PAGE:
Posted: Friday, August 26, 2005

ASPEN, Colo. — As he sawed through the final strands of his own tissue and skin with a dull blade, Aron Ralston was overcome with emotion, awash in a wave of euphoria unlike anything he’d felt before.

Malnutrition and dehydration, delirium, searing pain — none of it registered anymore. Held captive by a half-ton boulder at the bottom of a narrow canyon for five days, Ralston freed himself by severing his own arm, gaining an unexpected second chance at life.

Resigned to death the night before, Ralston felt more alive than ever, glowing from what he believed to be the close of one life and birth of another.

And he hasn’t stopped living in the two years since.

‘‘At this point, I’ve got the confidence to know that I’ll get through anything in my life given I have the motivation to do it,’’ Ralston said. ‘‘If it’s an act of survival, we’ve all got a reason to keep living. It may not be pretty, but surviving is grit and determination in its highest form. I learned that I’ve got the capacity to do a hell of a lot more than I thought I could if I have the proper motivation.’’

Heading out on a relatively benign — at least to an experienced mountaineer such as Ralston — hike through a slot canyon in the Utah desert in April 2003, Ralston became trapped when a boulder dislodged and trapped his right arm. With little food, less water and virtually no chance of being rescued, Ralston used drastic means to extend his life, from drinking his own urine to rigging ropes and webbing to support his weight.

Unable to budge the boulder with a makeshift pulley system or break it with a multitool, Ralston escaped by torquing his arm against the rock to break his bones, then ripping through his flesh with a small, dull knife.

His bloody stump wrapped in a makeshift sling, Ralston rappelled down a 60-foot drop, then hiked six miles through the desert before an improbable sequence of events, including stumbling across a family of hikers and getting to a helicopter just in time, helped save his life.

It was a staggering display of human will and survival, and the tale spread inspiration across the world.

‘‘It really was a miracle that things just worked and fell into place,’’ said Donna Ralston, who spent two frantic days coordinating rescue efforts for her son from her Denver-area home. ‘‘I feel like there was a reason why things happened in the way they did. It wasn’t just happenstance.’’

She’s not the only who sees it that way.

During his darkest moments in the bottom of the canyon, Ralston had a vision of a young boy. Unlike his previous visions that final night, Ralston said he was able to touch this one, lifting the boy upon his shoulder with an arm missing its right hand. Ralston had come to terms with his death the night before and now this boy, which he believed to be his future son, had given him a reason to live.

Though the first few months after the accident were filled with surgeries, a kaleidoscope of painkillers and frustrating inactivity, it didn’t take Ralston long to return to what he loves. It started with hiking and running with friends, and pretty soon he was back scaling 14,000-foot peaks, skiing summits and climbing ice walls.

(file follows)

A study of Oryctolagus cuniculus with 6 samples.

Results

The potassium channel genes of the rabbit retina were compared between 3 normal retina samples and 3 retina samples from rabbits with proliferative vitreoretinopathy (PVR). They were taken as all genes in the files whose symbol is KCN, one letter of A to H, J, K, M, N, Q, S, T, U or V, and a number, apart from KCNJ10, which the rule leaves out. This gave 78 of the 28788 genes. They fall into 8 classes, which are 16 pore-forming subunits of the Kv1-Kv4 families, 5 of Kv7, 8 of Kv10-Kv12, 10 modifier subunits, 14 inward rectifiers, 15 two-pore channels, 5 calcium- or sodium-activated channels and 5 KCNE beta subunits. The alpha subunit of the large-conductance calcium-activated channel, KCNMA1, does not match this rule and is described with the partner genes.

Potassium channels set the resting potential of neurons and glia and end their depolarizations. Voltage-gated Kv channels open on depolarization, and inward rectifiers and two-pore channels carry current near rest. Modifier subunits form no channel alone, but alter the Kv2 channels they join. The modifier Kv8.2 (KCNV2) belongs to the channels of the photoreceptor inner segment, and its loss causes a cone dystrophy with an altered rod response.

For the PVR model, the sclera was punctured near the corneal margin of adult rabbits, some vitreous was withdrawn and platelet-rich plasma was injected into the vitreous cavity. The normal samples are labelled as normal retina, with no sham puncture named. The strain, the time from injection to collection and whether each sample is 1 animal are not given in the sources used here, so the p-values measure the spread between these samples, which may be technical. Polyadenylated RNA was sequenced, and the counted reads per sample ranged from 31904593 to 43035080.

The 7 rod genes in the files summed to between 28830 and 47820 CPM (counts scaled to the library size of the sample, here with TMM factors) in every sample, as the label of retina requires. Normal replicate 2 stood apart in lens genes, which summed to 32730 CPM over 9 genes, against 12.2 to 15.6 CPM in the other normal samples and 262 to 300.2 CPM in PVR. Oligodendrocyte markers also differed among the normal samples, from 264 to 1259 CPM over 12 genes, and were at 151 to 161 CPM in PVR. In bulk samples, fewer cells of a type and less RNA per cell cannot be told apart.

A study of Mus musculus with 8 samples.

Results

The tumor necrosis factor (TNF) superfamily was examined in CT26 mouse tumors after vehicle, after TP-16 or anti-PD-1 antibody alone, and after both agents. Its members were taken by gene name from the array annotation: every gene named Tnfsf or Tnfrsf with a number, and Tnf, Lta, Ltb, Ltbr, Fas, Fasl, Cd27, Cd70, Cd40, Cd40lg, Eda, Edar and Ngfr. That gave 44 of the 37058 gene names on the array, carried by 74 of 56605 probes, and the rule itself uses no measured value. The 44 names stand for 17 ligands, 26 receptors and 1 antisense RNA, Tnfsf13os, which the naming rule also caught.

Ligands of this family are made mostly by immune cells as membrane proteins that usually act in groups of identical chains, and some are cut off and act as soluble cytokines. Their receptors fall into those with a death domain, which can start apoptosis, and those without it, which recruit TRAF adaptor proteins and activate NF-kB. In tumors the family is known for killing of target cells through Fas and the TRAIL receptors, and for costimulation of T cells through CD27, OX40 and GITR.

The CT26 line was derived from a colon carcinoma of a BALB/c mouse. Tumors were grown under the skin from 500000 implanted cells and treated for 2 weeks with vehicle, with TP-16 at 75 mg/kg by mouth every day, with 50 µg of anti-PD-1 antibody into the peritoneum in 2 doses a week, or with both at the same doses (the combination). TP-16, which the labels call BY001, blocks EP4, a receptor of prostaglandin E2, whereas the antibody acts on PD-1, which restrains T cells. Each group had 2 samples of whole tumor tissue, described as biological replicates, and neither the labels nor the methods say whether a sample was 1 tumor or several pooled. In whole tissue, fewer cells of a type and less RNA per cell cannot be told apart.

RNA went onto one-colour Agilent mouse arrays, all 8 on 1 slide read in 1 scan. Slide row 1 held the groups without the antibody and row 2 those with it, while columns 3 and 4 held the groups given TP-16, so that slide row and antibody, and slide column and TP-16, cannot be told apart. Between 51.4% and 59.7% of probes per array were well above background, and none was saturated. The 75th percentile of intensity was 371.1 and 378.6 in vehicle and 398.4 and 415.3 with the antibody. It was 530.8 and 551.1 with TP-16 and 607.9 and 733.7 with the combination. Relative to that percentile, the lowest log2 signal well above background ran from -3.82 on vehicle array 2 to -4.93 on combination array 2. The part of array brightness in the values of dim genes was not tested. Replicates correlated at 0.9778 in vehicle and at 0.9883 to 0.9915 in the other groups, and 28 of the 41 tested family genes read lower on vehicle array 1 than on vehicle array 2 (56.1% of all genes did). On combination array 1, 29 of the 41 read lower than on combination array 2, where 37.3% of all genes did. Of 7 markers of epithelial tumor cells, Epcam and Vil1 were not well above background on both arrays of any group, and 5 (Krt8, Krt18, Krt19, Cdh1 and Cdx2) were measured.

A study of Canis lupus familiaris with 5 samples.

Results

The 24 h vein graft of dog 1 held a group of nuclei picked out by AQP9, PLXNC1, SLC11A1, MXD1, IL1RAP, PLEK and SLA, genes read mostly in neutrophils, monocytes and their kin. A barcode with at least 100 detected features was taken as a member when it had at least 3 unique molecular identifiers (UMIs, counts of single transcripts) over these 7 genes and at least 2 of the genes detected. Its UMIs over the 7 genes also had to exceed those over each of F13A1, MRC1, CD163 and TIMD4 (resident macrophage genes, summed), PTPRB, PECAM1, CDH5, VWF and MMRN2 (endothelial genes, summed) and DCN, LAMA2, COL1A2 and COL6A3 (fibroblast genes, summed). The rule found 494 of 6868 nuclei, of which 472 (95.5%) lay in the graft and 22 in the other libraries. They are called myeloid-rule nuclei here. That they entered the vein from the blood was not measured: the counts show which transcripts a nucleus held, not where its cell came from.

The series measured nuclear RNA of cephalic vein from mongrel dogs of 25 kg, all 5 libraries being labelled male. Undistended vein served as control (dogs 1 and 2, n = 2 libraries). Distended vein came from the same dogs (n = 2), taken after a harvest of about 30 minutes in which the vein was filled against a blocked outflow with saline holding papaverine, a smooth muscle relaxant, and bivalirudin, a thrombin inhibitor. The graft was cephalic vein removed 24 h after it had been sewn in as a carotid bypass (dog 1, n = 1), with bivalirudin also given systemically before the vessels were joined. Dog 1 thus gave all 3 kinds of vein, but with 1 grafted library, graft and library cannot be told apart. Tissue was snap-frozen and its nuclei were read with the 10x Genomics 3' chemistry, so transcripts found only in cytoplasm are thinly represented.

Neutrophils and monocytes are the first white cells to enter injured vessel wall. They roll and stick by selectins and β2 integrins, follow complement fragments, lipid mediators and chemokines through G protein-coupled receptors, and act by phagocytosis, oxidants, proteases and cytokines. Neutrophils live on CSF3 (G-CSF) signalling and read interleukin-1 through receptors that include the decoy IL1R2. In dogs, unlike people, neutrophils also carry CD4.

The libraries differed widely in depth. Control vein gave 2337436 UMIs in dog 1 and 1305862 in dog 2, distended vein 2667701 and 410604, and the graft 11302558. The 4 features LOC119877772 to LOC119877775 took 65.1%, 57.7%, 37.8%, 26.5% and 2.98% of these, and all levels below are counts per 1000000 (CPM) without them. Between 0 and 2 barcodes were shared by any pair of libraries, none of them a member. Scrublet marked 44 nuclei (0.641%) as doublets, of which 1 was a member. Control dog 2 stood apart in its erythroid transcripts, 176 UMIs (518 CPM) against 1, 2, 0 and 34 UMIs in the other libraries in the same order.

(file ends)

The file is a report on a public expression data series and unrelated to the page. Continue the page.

Using prosthetics he helped develop, Ralston completed a nine-year project of scaling the highest point in all 50 states, then became the first person to solo climb all 59 of Colorado’s fourteeners (14,000-foot peaks) in winter, crossing the last 14 off his list after the accident. In January, he summited Argentina’s 22,840-foot Mount Aconcagua, the world’s highest mountain outside Asia, then climbed and skied 10 peaks of at least 13,000 feet in the spring.

Ralston also got into ultrarunning, first taking on the Leadville 100 high in the central Rockies, then testing his willpower and fitness in the diabolical Hardrock, a 100-mile race featuring 66,000 feet of elevation change. In case that wasn’t enough, Ralston tried his hand at surfing, spent more time mountain biking and did all kinds of hiking and climbing.

That Ralston’s love for the wilderness didn’t diminish with his accident isn’t a surprise; he’s had a spiritual connection with the outdoors since he was a teenager.

What did change was Ralston’s appreciation for those closest to him. Content with isolating himself and doing things on his own before, Ralston now makes sure family and friends are included in his life more and understands how much they mean to him.

‘‘I think my spirituality is very similar to what it was before. It wasn’t as if I went through some kind of enlightenment and figured out all the answers,’’ said Ralston, who’ll turn 30 next year. ‘‘I figured out what was important to me, but I knew that before. I just didn’t express it as much to the people I appreciate, to my family and friends, and I’ve tried to be more practiced in that.’’

As his astonishing story of survival spread, Ralston was inundated with thousands of letters and e-mails from people thanking him for giving them inspiration. The correspondences continued and spiked again when his best-selling book, ‘‘Between a Rock and Hard Place,’’ hit the shelves last fall.

Realizing his story meant so much to so many people, Ralston lifted the spirits of thousands more by reliving his ordeal in person.

And while his speaking contracts have expired, Ralston keeps telling his story, the weight of obligation still too heavy for him to escape.

‘‘We’re proud of him because of the person he is and because he feels so strongly that he has a story that is inspirational, and he’s willing to tell it over and over and share with other people and give people hope,’’ Donna Ralston said. ‘‘I think that says a lot about his character.’’

As for the future, Ralston doesn’t want to look too far ahead. His immediate plans include a tour for the paperback release of his book on Sept. 1, and more writing for magazines such as Men’s Journal and Outside.

Ralston also plans to do more speaking.